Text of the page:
Sunday, 30 October 2011

I almost don’t believe in the supernatural – but the world’s a bit boring without it

Arthur Guirdham
Here’s a startling theory: the reason different children suffering from “night terrors” often describe being menaced by the same demonic figures (little blue grinning men seem particularly prevalent) is that those demons genuinely exist as separate entities - but we lose the power to see them as we grow older.

Creepy or what! (Maybe less so now, as it’s the central plot device of that amusing animated children’s film, Monsters Inc.)

Back in the 1970s, when I was trying to come up with plots for horror novels, I read several books by Arthur Guirdham, who wrote about the Cathars, reincarnation, past-life regression, ESP - and demons. So, you’d conclude, just another credulous, acid-addled, Californian New Age nutjob willing to swallow and rehash any old nonsense in order to replenish his supplies of lentils, joss sticks, patchouli oil and Moby Grape LPs – or some seedy charlatan willing to peddle lies to the acid-addled in order to keep the Bells flowing.

Well, not quite. Guirdham was a distinguished British physician and psychiatrist. Educated at Keble College and trained at Charing Cross Hospital, he went on to become senior consulting psychiatrist at the Bath Child Guidance Clinic. Of course, none of this means he wasn’t bonkers or dishonest, but it makes it slightly less likely.

It was Guirdham who came up with the "demons are real" theory – I remember finding it quite disturbing when I read it some 30 years ago.

There are, of course, many theories to account for supernatural phenomena, but they all pretty much fall into one of four main categories: (1) we imagine them (2) they're objectively real (3) they're the  result of interpreting natural phenomena incorrectly (4) they're real, but created (projected?) by our minds (3) they're the result of deliberate fraud.

I’ve had at least three possibly supernatural experiences in my life – two could fall into any of the above categories, while the third could have been anything apart from fraud.

Part of me would like it all to be nonsense. There’s something initially tempting about the image of a crisp, clean, shiny, scientific, Dawkinsian world where everything has a straightforward causal explanation. But then you start thinking about gulags and death-camps and suicide bombers and sex-murderers and people who torture children and animals - being able to explain all that away by reference to demonic forces rather than our own seemingly infinite capacity for evil seems positively comforting.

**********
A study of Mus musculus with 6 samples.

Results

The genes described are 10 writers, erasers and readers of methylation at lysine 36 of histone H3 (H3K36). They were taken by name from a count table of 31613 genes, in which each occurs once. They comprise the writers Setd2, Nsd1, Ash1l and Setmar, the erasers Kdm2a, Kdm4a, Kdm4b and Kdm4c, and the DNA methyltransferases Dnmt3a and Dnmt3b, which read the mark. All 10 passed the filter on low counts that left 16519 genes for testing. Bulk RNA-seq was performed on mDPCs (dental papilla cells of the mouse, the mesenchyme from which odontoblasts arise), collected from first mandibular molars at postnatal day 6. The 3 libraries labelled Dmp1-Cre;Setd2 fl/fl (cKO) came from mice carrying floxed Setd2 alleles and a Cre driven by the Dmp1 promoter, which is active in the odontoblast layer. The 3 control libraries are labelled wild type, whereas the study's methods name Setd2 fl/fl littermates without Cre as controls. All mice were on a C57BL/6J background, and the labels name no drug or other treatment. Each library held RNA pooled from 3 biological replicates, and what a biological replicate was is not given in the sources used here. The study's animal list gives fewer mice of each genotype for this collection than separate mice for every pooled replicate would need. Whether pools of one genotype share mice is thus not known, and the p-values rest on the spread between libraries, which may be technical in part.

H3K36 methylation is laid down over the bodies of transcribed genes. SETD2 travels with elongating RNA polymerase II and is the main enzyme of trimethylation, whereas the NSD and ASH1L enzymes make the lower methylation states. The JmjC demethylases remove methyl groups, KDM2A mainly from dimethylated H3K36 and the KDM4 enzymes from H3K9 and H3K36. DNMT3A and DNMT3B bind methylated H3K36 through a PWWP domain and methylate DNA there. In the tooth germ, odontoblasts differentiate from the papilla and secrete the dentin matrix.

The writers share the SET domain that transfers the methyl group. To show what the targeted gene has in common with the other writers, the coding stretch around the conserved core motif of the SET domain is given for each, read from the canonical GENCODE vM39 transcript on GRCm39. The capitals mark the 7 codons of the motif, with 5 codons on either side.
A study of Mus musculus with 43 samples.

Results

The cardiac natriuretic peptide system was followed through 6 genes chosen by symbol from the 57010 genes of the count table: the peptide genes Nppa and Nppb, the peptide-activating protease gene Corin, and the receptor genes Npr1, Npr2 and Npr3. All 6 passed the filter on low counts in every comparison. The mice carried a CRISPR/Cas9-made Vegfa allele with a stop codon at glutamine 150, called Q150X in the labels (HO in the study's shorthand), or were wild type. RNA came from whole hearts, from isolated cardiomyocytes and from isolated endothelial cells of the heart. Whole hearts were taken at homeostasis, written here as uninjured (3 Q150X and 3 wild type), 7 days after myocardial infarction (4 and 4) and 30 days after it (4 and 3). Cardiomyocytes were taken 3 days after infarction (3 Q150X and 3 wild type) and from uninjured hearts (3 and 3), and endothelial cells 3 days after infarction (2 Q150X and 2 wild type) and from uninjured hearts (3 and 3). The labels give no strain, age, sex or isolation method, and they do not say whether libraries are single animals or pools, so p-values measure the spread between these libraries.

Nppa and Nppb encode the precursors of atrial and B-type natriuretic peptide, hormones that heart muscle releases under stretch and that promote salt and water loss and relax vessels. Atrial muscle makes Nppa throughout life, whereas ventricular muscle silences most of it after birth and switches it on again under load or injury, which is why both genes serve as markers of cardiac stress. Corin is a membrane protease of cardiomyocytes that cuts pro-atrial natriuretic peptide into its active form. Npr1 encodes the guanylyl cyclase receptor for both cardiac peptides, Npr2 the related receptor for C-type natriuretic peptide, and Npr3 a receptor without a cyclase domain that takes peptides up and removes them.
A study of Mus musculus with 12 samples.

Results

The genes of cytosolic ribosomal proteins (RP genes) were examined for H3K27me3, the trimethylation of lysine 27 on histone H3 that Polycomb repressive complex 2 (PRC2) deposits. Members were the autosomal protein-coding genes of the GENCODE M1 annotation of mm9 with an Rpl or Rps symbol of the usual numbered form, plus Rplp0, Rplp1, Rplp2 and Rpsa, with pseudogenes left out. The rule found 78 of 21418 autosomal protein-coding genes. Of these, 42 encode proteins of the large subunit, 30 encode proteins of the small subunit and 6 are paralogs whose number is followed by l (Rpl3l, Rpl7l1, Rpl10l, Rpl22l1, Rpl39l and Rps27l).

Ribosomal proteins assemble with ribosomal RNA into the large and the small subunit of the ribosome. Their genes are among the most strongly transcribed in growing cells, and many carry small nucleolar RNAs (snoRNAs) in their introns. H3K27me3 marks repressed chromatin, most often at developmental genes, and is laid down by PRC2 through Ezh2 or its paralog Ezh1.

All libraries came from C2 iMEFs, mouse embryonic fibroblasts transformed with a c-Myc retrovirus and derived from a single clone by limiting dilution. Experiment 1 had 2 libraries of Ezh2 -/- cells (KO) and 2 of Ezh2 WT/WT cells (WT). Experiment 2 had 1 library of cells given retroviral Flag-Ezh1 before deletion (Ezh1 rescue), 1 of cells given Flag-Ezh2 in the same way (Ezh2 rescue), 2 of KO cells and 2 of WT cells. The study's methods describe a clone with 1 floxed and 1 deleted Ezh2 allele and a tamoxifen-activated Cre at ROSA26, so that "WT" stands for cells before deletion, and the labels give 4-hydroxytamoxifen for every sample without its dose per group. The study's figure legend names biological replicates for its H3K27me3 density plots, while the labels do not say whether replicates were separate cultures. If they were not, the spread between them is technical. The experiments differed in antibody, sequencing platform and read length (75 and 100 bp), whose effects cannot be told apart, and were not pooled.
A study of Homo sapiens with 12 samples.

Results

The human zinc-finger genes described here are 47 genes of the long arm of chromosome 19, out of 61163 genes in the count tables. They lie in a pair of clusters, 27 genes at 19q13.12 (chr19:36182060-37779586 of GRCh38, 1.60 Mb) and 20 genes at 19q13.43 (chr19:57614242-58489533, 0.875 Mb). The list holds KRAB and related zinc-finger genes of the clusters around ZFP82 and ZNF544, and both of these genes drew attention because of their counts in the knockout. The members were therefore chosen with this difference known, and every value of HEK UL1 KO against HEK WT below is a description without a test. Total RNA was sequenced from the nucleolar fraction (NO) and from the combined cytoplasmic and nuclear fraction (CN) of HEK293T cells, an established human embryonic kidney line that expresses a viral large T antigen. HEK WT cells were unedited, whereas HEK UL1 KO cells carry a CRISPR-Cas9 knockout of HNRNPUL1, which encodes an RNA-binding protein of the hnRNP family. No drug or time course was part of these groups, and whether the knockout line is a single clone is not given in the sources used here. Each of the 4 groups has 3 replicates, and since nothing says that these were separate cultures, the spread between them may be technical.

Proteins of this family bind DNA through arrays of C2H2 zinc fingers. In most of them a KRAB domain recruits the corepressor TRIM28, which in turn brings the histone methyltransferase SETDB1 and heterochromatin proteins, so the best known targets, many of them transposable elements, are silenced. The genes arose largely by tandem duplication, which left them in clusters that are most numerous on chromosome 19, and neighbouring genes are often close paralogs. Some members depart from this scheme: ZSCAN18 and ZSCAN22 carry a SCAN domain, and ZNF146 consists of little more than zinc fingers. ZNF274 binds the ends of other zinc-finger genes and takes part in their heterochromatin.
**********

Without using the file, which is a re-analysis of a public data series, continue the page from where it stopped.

And then there’s that rather mean, thin quality possessed by purely mechanical “stuff and nonsense” theories: frankly, they make the world a more boring place. Does anyone, apart from professional scientists and/or those without any imagination feel relieved when told that a UFO sighting was down to marsh gas or a rogue weather balloon? I always feel vaguely disappointed. A few years ago, we visited Rendlesham Forest in Suffolk, allegedly the site of a prolonged Close Encounter of the Third Kind involving American military personnel stationed there (events since debunked and supported in roughly equal measure). The woods had a distinctly creepy atmosphere, but that might have been because I’d recently read Turn Left at East Gate, an account of the supposed incidents. If the skeptics had their way, I might not have experienced that little thrill and, God knows, we all need our little thrills.

Similarly, I once read a book called Supernatural, in which a mildly skeptical British journalist visits a series of sites where supernatural incidents have been recorded (with some surprising results), at my sister-in-law’s semi-isolated Cornish cottage – parts of which date to the thirteenth century. That resulted in a very shivery week: it was fun!  

And nothing will quite match rereading M.R. James’s ghost stories in the middle of the night in a converted hunting lodge in Essex, near an eldritch lake and a ruined, bat-infested Norman chapel: didn’t sleep much that week, to be honest.

As for that noisy house in Worthing … well, I’ll leave that for another time.

I admit there are vast swathes of esoteric belief that hold no attraction for me - Mayan crystals, any form of numerology, theosophy, coded bibles etc. But when it comes to commonly-reported supernatural phenomena such as ghosts, UFOs, foresight, poltergeists, slipping into the past, phone calls from the dead, inexplicable disappearances (or even more disturbing, unexplained appearances), telekinesis, ESP, remote viewing and the idea that evil clings to certain places and houses, I’ll try keep an open mind.

Of course, I know, almost for certain, that these phenomena are explainable. But it only needs one of them to turn out to be truly inexplicable – and the world’s instantly a more interesting place: for me, at least.

And if you ever come across a book by Arthur Guirdham, do take a look - whatever your beliefs: he was a bold thinker and an excellent writer.


  1. I know being an Anglican communicant doesn't entail much these days...but doesn't believing Christ died and rose again on the third day count as believing in the supernatural...or have I missed something?

  2. Yes, well, it's a fair point, Your Eminence. But I don't think many Christians would consider events arising from God's decision to interfere directly with the laws of Nature to be the same sort of thing as random but persistent seeming contraventions of those laws - ghosts and poltergeists etc.: the first suggests that the eternal is able to interface with the temporal, and has all sorts of implications for religious faith, while the second (to me at least) merely suggests that our understanding of the laws of Physics is incomplete.